Presbytery of the Pacific’s Mission Catalyst preaches on living the Matthew 25 imperative by seeing Christ ‘in his most distressing disguise’


The Rev. Heidi Worthen Gamble leads worship

January 12, 2024

Photo by Matt Collamer via Unsplash

The national staff of the Presbyterian Church (U.S.A.) recently heard a sermon by one of the church’s most committed and innovative practitioners of the Matthew 25 movement, the Rev. Heidi Worthen Gamble.

Worthen Gamble is Pacific Presbytery’s Mission Catalyst. In 2022, the presbytery was central in garnering the political support needed to pass Senate Bill 679, statewide legislation that establishes a Los Angeles County agency dedicated exclusively to building affordable housing and creating funding mechanisms to make that happen. Churches in the Matthew 25 presbytery were among the bill’s strongest supporters.

As part of her recorded appearance during the online worship service, Worthen Gamble touched on some of the other Matthew 25 work in which the presbytery, which also includes Hawaii, is engaging, including immigration justice and ministry following the deadly fires on Maui. The presbytery is also working on an overture on reparations for consideration during the 226th General Assembly (2024).

“I could spend hours with you telling you so much more, but that’s not what I’m going to do today,” Worthen Gamble said. “I want to keep it simple and talk about loving Jesus, knowing Jesus, following Jesus and seeing Jesus.”

“For me, it’s really about centering ourselves in the heart of Jesus,” she said. “It’s about seeing Jesus and loving Jesus in [what Mother Teresa called] ‘his most distressing disguise,’” or people in need. Worthen Gamble shared her own story from her seminary internship during the mid-1990s.

Her husband, also a student at San Francisco Theological Seminary, garnered an internship at a wealthy church in the Bay Area. Worthen Gamble’s yearlong internship assignment was at Loaves & Fishes, a Sacramento ministry that describes itself as “an oasis for adults and children experiencing homelessness.”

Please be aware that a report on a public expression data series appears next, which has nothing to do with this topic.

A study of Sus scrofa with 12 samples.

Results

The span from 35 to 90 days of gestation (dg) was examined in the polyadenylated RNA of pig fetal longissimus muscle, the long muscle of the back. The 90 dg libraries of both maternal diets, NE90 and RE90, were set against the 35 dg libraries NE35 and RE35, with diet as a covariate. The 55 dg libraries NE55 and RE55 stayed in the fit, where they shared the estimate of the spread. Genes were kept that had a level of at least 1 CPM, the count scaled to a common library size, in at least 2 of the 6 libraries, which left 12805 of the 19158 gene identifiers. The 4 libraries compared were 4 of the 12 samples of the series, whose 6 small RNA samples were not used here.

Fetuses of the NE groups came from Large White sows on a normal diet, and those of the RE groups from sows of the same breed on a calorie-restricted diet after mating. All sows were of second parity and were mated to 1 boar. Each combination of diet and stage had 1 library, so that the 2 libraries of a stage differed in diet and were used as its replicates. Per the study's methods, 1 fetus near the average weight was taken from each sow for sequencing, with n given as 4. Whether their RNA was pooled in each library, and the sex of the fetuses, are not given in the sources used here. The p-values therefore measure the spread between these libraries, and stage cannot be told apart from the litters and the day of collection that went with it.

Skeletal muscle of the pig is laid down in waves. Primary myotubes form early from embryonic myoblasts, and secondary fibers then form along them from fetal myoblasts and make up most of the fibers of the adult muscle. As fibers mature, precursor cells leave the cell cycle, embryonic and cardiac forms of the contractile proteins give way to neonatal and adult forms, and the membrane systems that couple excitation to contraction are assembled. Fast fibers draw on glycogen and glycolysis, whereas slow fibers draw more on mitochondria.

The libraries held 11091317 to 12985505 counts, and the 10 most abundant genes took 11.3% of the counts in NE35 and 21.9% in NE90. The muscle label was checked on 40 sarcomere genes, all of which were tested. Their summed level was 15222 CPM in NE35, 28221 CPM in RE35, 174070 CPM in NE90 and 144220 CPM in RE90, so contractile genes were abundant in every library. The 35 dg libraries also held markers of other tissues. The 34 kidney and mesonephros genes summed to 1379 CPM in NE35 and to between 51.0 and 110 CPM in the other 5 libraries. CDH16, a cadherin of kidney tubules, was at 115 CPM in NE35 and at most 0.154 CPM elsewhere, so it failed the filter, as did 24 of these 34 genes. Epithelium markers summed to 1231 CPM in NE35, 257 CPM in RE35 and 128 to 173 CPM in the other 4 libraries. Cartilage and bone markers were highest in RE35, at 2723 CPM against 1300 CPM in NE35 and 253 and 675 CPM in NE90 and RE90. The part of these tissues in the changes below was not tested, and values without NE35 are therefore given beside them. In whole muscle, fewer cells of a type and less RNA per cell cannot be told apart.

“My husband got a glamour ministry gig,” she said, “and I got skid road. There were days when I resented that, but I could not be more grateful.”

The Rev. Heidi Worthen Gamble is Mission Catalyst for the Presbytery of the Pacific.

Worthen Gamble was asked to be a minister of presence for those experiencing homelessness who were there to eat one of the 2,000 meals Loaves & Fishes served up daily. “I counseled, prayed and walked along with folks and was the staff monitor to make sure no one butted in line. I was the staff cop,” she said. “I had the dual role of praying with people and breaking up fights. I assure you there was never a dull day.”

“It was a Petri dish for pastoral ministry,” she explained. “Everything I know about being a pastor I learned there on skid road. It changed my life forever.”

Loaves & Fishes was founded by the Catholic Worker Movement. The training team asked Worthen Gamble to live out her ministry there with Matthew 25:40 in mind. “Cultivate the spiritual practice of seeing Jesus in every homeless guest you meet,” she was told. “Practice seeing the Christ in them through the Christ in you.”

“I thought, ‘How in the world do I do that?’” Worthen Gamble said.

She thought of Mother Teresa and how she saw in the people she served Jesus “in his most distressing disguise.” That became Worthen Gamble’s daily prayer.

“I didn’t know any other way to live out that call I had been given,” she said. “Seeing Jesus challenged me to see the full humanity of the people I served, and that began to change me. It allowed me to be drawn to the names, stories, tragedies and trauma of the people on the streets. It taught a privileged white girl like me I was no better than anyone else. When I learned their stories,” she said, “I got humble very quickly.”

“Seeing Jesus in his most distressing disguise — I didn’t know that would heal me, too,” Worthen Gamble said. Jesus’ call later led her boldly into city hall and the State Capitol in Sacramento. “How we treat the least of these is a moral issue, a spiritual issue,” she said. “Matthew 25 got into me.”

Mike Ferguson, Editor, Presbyterian News Service

Today’s Focus: The Rev. Heidi Worthen Gamble, Mission Catalyst for the Presbytery of the Pacific

Let us join in prayer for:

PC(USA) Agencies’ Staff
Chandra Wilson, Customer Service Representative, Hubbard Press
Melaina Wilson, Marketing Program Assistant, Presbyterian Foundation

Let us pray

God, you nurture us like a parent. Help us to honor you. Enable us to encourage and strengthen others through the way that we live. Amen.